GOES-16 Color Animation with Python

An attempt to make Earth animations in the style of glittering.blue using GOES-16 satellite imagery.

GOES True Color

Click on the image above to see the video in action!

Another GOES Animation

In a previous post, I wrote up a process for creating time-lapse animations of GOES-16 satellite imagery. However, the images I was using were from a heavily post-processed imagery product called GeoColor.

GOES GeoColor

While I like the color processing and night-time cloud/light effects of these images, I wanted to try my hand at image processing techniques and work with raw satellite sensor data.

GOES on AWS and Processing netCDF Files

From my research on references for Earth observation imagery, I knew my starting point would be GOES on AWS. This is a free, publicly available data set where GOES satellite images are available via AWS S3 buckets in netCDF file format. I also decided to use Python for this project, relying on boto3 for accessing AWS S3 buckets, netCDF4 for manipulating netCDF files and PILLOW for image processing.

The GOES satellite has images available in 16 different bands at 15 min intervals, so I wrote up a Python script that gets a list of available image files in an S3 bucket for a given day of interest, and then downloads those files locally.

I also heavily relied on the work process described in this very helpful post on image processing netCDF files from GOES-16.

Generating True Color Images and Correcting Bad Pixels

While the GOES-R satellites have 16 bands of multi-spectral image data available, it does not have a true “green” spectral band. This means that true color imaging is not possible directly, so you need to do a little extra work.

I asked Charlie Lloyd, a satellite imaging specialist at Mapbox, for tips on how he recreated a green band in his own true color GOES animation.

@vruba Green Channel

Using this info as a starting point, I wrote up a Python script to run through the following process:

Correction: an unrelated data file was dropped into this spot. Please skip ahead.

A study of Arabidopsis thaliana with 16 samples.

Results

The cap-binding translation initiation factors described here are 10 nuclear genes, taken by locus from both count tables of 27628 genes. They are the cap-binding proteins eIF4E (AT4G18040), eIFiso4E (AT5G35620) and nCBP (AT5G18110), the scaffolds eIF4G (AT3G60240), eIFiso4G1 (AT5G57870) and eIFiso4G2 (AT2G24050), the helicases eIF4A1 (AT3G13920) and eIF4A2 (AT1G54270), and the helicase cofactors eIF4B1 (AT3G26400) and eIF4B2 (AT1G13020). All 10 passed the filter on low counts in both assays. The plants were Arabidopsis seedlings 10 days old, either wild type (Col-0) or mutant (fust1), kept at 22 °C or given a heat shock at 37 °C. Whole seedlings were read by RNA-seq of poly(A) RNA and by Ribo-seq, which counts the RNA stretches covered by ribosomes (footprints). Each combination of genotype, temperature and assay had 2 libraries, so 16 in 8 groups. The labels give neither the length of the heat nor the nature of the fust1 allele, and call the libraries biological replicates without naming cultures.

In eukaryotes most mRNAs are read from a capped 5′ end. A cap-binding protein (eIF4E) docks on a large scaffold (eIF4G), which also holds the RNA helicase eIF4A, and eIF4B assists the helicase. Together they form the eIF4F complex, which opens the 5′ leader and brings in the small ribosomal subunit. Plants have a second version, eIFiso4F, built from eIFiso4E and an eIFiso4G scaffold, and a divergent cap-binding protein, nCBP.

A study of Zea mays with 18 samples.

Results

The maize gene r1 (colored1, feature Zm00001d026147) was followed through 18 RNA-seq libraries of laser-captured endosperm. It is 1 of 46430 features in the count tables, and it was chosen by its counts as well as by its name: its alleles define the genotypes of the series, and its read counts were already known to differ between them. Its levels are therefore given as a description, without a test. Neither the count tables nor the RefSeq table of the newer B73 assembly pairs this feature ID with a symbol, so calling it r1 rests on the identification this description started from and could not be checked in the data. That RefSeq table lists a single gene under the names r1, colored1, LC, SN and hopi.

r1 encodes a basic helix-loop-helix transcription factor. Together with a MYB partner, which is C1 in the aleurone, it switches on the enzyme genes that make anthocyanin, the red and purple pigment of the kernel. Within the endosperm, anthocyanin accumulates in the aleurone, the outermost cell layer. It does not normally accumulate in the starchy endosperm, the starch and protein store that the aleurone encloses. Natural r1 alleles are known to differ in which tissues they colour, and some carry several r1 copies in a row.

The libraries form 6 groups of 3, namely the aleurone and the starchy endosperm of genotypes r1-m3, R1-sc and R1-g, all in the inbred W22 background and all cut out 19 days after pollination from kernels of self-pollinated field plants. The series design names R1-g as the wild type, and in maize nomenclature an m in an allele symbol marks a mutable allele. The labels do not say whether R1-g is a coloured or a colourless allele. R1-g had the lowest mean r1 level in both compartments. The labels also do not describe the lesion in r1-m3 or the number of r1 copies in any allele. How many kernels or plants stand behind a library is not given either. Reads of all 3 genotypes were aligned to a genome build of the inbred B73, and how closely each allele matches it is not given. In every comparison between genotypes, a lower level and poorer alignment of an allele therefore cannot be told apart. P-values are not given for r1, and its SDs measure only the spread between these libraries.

The GOES-16 imager captures full disk images at 15 minute intervals, so this process repeated 96 times to generate true color images for one 24 hour period.

After successfully running through a number of images with this process, I discovered some issues with bad pixels at the edge of the Earth full disk during high sun angles.

Bad Pixels

In order to create a true color image, you need to combine Red, Green and Blue (or RGB) images. And in my case, to create the Green image, I needed to combine Red, Blue and Near IR images. But if you have enough bad pixels in those different image channels, then you’re also going to have bad pixels in the synthesized Green channel. And then your true color image will have artifacts like those in the image above, with either fully black pixels (i.e. no good pixels in any channel) or pixels that are missing one of the RGB components or have unbalanced values.

Needing a way to look into this in more detail, I saved grayscale images of each of the first 4 sensor bands so I could clearly see the problem.

Greyscale Image Bands

I’m still not sure the cause of these bad pixels (possible sensor saturation?) that show up black in each of the different sensor bands, but I needed a way to at least fake my way through fixing those pixels.

After a good bit of trial and error, I settled on a two-step process of pixel correction. The first step was to sequentially step through each Band 1-4 and use a linear regression fit (w/ ordinary least squares model) to relate each band to the other three bands, for all valid pixels in each image. Then I used that model to estimate values for every invalid pixel in each band. The second step was to then use the Red channel pixel values and set the Blue and Near IR pixel values for any bad pixel that wasn’t corrected in the first step.

I was surprised by the results of this correction process, particularly how many bad pixels I was able to recreate with the linear regression fit. I wasn’t particularly happy with the second step as it resulted in some areas with very flat white looking pixels, but it works well enough when needed (i.e. really high sun glint regions).

Final Results

Overall, this process produced relatively clean true color imagery.

True Color Image

As expected, the colors are a bit muted by Rayleigh scattering since I didn’t do any atmospheric correction in the image processing steps. This could have been done by either a true Rayleigh scattering correction on the reflectance data (accounting for satellite and solar zeniths, atmospheric estimates, etc) or just an image color balance adjustment. I might revisit this work at some point to incorporate these corrections and make the colors pop a bit more!